How Faye Dunaway Thought Norman Jewison Saved the ‘Thomas Crown Affair’ Shoot

The more you get into it, the uglier Steve McQueen’s behavior on the set of The Thomas Crown Affair (1968) looks. After directing him in The Cincinnati Kid (1965), Norman Jewison had initially tried to talk McQueen out of Thomas Crown. But McQueen got Jewison to take him on for the second of the two classic films they made together.

Though Faye Dunaway didn’t know what her co-star was doing behind the scenes, she saw McQueen challenge Jewison in the most extreme way during the shoot. However, as the cast and crew braced for Jewison’s reaction, the director didn’t take McQueen’s bait. Dunaway later said Jewison likely saved the film with that move.

Faye Dunaway saw Steve McQueen’s brazen challenge to Norman Jewison on ‘The Thomas Crown Affair’

Steve McQueen and Faye Dunaway embrace in a scene from 'The Thomas Crown Affair.'
‘The Thomas Crown Affair’ | FilmPublicityArchive/United Archives via Getty Images

Looking back on the Thomas Crown shoot in her memoir Looking for Gatsby, Dunaway recalled McQueen ruining a day’s shoot for Jewison for no reason in particular. On the day in question, Jewison and his cinematographer had prepped a shot on the beach for the evening’s golden hour, just before sunset.

When they were finally ready to roll film and get the stars involved, McQueen drove off in his beach buggy. He didn’t turn up on the set again until after dark. In short, shooting was out of the question, and McQueen had done it only to assert himself. Everyone on the set — McQueen included — waited to see Jewison’s reaction.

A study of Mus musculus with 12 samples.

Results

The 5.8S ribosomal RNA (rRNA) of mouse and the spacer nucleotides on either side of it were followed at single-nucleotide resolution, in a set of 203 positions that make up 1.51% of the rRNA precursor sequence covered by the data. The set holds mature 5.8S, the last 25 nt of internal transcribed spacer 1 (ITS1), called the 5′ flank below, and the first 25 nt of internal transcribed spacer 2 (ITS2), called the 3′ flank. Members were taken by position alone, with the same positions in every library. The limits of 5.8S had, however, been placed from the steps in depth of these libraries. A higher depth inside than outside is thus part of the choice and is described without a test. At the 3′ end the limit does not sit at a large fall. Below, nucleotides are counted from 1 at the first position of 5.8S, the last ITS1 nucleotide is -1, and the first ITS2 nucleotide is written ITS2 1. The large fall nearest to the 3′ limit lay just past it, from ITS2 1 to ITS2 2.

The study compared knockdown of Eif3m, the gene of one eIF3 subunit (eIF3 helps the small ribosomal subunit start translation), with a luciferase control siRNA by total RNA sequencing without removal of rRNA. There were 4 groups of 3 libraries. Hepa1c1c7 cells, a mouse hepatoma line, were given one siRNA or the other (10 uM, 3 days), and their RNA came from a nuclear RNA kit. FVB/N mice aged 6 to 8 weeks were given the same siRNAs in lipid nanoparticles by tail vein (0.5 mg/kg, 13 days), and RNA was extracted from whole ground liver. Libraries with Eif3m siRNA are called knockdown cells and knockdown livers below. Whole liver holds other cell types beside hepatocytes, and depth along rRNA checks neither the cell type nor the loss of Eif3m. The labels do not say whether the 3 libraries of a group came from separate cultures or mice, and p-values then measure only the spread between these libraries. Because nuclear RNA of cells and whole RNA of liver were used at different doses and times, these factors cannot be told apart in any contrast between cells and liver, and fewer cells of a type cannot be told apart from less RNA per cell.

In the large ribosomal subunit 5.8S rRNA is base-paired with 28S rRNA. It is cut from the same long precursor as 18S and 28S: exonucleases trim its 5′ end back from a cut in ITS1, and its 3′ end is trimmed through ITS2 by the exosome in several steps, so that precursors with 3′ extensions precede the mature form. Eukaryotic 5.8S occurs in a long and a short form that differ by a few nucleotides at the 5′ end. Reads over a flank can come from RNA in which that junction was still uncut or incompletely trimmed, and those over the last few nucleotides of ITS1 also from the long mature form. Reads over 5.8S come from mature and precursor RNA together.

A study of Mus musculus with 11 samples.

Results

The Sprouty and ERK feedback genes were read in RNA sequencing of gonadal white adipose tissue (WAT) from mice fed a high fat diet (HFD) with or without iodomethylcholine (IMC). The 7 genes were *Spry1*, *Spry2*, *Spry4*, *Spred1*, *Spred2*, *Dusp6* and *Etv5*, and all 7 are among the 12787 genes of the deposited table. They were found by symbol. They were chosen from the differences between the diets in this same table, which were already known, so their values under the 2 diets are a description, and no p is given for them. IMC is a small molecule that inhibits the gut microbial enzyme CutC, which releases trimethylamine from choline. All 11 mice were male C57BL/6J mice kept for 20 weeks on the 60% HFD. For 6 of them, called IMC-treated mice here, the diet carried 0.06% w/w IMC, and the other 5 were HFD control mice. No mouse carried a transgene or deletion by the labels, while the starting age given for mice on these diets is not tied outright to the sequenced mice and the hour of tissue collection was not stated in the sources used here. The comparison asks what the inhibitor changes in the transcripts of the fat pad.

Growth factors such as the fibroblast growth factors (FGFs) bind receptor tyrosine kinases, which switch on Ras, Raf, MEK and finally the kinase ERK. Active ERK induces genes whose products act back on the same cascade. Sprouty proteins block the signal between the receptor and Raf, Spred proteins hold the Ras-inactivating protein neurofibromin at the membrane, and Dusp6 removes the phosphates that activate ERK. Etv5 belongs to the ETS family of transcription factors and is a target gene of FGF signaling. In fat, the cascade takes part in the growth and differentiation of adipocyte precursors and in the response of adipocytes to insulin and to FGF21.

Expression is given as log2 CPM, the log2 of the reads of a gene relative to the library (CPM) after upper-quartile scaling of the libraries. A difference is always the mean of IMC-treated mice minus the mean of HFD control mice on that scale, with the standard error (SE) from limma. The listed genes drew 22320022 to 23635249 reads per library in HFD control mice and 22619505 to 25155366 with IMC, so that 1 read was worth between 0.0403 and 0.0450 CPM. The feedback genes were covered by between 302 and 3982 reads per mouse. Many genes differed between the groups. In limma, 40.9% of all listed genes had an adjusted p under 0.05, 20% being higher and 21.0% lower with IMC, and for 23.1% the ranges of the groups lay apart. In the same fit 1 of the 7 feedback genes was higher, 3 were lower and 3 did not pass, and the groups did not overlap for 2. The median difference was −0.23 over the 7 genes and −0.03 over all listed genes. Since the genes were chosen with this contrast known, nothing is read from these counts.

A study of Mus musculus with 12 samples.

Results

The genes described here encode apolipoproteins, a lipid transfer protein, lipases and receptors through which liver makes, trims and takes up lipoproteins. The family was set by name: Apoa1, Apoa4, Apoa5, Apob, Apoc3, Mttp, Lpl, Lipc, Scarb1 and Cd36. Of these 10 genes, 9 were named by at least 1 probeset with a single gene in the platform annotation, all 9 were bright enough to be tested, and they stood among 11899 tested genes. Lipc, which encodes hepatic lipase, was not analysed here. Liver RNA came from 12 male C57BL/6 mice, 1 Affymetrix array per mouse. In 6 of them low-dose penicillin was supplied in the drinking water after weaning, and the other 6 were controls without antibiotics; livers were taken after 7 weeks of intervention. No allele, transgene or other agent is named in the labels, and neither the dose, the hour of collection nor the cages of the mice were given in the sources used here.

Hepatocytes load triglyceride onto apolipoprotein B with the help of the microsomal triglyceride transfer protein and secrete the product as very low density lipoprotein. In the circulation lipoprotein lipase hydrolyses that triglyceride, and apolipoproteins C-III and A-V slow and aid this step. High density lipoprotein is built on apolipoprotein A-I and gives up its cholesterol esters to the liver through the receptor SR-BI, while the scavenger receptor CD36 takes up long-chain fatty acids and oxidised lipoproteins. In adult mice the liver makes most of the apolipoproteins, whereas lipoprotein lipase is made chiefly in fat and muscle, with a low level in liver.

“It was a classic standoff, the kind that happens so often between leading actors and directors,” Dunaway wrote. “In these moments, a director can lose control of an entire movie if he’s not careful. At the same time, he can irrevocably damage his relationship with an actor.”

Dunaway called Jewison ‘wise’ for ignoring McQueen’s provocation

What Jewison did next impressed Dunaway. He didn’t berate McQueen for blowing the afternoon’s shoot and wasting all that money. Instead, he quietly walked off down the beach alone.

When Jewison returned, he invented some story about finding a magical feather that gave its holder the special power to direct films. Then he handed the feather to McQueen. The star broke out laughing and stuck it back in Jewison’s cap.

Thus the standoff ended — and the film continued. “It was exactly the way to handle Steve,” Dunaway wrote in her memoir. “He would have fought to the death if Norman had decided to assert his authority as director rather than trying to make peace.”

McQueen had been needling Jewison in all sorts of ways on ‘Thomas Crown’

Steve McQueen and Faye Dunaway relax on the set of 'The Thomas Crown Affair', circa 1968.
Steve McQueen and Faye Dunaway shooting ‘The Thomas Crown Affair’ | Silver Screen Collection/Getty Images

Dunaway couldn’t have known what McQueen had already put Jewison through at that point in the Thomas Crown shoot. On top of his extravagant contract demands, McQueen had taken to calling Jewison in the middle of the night during the shoot.

In Norman Jewison: A Director’s Life, Ira Wells wrote about McQueen’s paranoia on Thomas Crown. The star had been smoking weed, and McQueen began reporting suspicious activity outside his home to Jewison at all hours. Later, when McQueen sensed Jewison wasn’t confident about a scene, he’d call late to ask about it — just to make him squirm.

McQueen clearly had deep insecurities, and the way it came out made Jewison’s life close to miserable at point of the Thomas Crown shoot. But the great director never cracked. Jewison’s demeanor is clearly one of the reasons he enjoyed such a long and successful career.